Defining Multiculturalism

Multiculturalism as it applies to management can be defined as the view that there are many different cultural backgrounds and factors that are important to organizations, and that people from different backgrounds can coexist and flourish within an organization. Usually multiculturalism refers to cultural factors such as ethnicity, race, gender, physical ability and sexual orientation, but sometimes age and other factors added. Multiculturalism is a basic premise of American society Contrary to those who claim that concern with multiculturalism is the foundation or the current emphasis on political correctness. The belief that people from many different backgrounds can work together is fundamental to democracy and the American way of life.

The Workforce 2000 Report

While many of the issues surrounding multiculturalism ad diversity have been around for a long time, many organizations adopted a renewed concern with the publication of the Hudson Institute’s 1987 report, entitled Work force 2000. The report identified four key trends expected to become more important as the 20th century draws to a close. First, the report predicted that renewed productivity growth will lead to a healthier US economy. Second, manufacturing will become a smaller part of that economy as service jobs become a bigger factor in creating wealth and new jobs. Third, these new service industry jobs will require a high level of skill, leading to employment for the educated and unemployment for the uneducated. Finally, the demographic composition of the workforce in the US will become older more female, and more disadvantaged. The percentage of white males in the workforce was 47 percent in 1987 when the report was issued, but the report predicted the percentage of new white males entering the workforce will be greatly reduced. Estimates have varied from 15 to 30 percent.
Six policy initiatives are suggested to cope with these changes:

1. Stimulate balanced world economic growth.
2. Increase efforts to stimulate productivity in service industries.
3. Maintain the adaptability and flexibility of the aging workforce
4. Help resolve the often conflicting needs of women in relation to work and family.
5. Work to integrate African American and Hispanic American workers more fully into the economy.
6. Improve the education of all workers

Concurrent with the release of the “Workplace 2000” report, many organizations began to worry more than ever about how to manage such a diverse workforce. How could women, Hispanic Americans, African Americans and others with cultural heritages different from white males be integrated into the workforce? Many organizations began to have ‘diversity programs’ or ‘multiculturalism programs.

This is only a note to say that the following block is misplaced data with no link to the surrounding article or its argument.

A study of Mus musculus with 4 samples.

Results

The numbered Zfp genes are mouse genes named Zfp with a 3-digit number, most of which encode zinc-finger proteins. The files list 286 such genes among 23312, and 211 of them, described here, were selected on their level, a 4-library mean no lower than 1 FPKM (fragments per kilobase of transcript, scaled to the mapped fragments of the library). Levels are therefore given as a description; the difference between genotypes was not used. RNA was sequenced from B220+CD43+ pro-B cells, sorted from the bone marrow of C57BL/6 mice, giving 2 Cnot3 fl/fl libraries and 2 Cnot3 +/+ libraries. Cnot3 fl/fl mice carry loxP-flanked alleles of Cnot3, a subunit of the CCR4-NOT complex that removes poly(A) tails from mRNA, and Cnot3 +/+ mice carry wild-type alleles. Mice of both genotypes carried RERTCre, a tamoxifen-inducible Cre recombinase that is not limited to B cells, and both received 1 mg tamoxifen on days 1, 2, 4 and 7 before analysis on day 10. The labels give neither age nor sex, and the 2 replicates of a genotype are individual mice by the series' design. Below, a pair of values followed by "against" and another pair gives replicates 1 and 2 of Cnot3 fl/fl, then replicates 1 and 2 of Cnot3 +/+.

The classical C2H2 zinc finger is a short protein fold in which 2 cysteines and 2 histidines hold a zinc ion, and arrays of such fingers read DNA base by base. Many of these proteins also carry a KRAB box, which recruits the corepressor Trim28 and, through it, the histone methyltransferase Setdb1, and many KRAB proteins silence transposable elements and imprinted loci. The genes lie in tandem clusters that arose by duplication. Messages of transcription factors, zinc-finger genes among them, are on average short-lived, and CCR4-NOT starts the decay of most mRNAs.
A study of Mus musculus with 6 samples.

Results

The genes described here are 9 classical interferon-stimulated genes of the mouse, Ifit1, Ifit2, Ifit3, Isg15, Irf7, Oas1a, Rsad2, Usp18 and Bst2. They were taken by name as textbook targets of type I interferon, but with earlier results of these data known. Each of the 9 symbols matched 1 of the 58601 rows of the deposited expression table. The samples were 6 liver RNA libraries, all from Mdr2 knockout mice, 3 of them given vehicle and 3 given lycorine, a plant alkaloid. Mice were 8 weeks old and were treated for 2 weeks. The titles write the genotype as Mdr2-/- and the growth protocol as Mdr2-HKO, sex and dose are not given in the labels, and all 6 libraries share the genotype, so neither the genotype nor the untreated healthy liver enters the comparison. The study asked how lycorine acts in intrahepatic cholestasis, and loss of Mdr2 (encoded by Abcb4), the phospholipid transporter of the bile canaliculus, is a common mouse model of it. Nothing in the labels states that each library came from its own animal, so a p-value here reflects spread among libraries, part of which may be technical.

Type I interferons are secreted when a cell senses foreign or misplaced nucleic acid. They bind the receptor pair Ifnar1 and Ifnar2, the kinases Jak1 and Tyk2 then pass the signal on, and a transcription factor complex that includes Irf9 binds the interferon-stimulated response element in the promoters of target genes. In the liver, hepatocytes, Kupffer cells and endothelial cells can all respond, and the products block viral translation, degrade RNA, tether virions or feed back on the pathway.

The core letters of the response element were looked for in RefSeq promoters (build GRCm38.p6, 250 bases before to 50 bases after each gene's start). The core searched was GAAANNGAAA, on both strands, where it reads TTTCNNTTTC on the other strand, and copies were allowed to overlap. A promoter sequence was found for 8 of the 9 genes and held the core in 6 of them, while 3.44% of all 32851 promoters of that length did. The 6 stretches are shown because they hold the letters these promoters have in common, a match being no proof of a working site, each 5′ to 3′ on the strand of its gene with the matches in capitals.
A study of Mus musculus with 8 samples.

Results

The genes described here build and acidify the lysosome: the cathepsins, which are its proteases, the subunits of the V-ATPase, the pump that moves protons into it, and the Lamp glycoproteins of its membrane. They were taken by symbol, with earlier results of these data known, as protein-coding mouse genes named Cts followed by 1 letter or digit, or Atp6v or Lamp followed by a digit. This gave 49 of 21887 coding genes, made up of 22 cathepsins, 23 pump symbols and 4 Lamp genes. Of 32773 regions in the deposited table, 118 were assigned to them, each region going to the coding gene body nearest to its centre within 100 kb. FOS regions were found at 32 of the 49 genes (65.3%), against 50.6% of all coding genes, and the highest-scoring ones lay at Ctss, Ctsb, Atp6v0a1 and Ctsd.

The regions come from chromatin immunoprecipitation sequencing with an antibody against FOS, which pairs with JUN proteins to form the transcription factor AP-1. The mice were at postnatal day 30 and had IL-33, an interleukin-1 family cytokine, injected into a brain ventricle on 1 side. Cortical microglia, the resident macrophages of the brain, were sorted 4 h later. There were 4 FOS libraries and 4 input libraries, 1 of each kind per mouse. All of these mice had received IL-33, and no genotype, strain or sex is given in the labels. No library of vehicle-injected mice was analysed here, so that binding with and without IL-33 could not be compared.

In a more recent study, it was concluded that the labor supply is becoming more global. This will ensure that any particular company has an even more diverse labor pool from which to draw its workers. Most of the population growth is occurring in developing economies where the workforce is relatively young and the educational level is rapidly improving. Over 570 million of the 600 million new workers entering the workforce will come from these developing economies such as Mexico, Indonesia, Philippines, etc. Although the statistics on women in the workforce vary widely by country, many more women will enter the workforce all over the world. Organizations will have more choices about where to locate their facilities to take advantage of particular labor markets, and will thus be forced to learn to accommodate many different cultural factors into their individual organizational cultures.

Gender Issues in Multiculturalism:

One important dimension of diversity in organizations is gender diversity. The Workforce 2000 studies point out that the workforce is rapidly moving from being male-dominated to one of equality in numbers between men and women. Nevertheless there remain many barriers for women seeking equal treatment in most organizations.

Glass ceiling: While there are more women in the workforce than ever before, they are still in junior positions. Only a handful of women are chief executives of large companies Studies estimate that men hold 97 percent of the top positions, and women comprise fewer tan 0.5 percent of the highest-paid officers and Directors’ positions in the top 1000 US companies. Now after the year 2006 the position has changed and is continuously changing globally including Asian countries and there are considerable women CEOs of leading companies. There are cases where women of Indian origin are heading even U.S companies.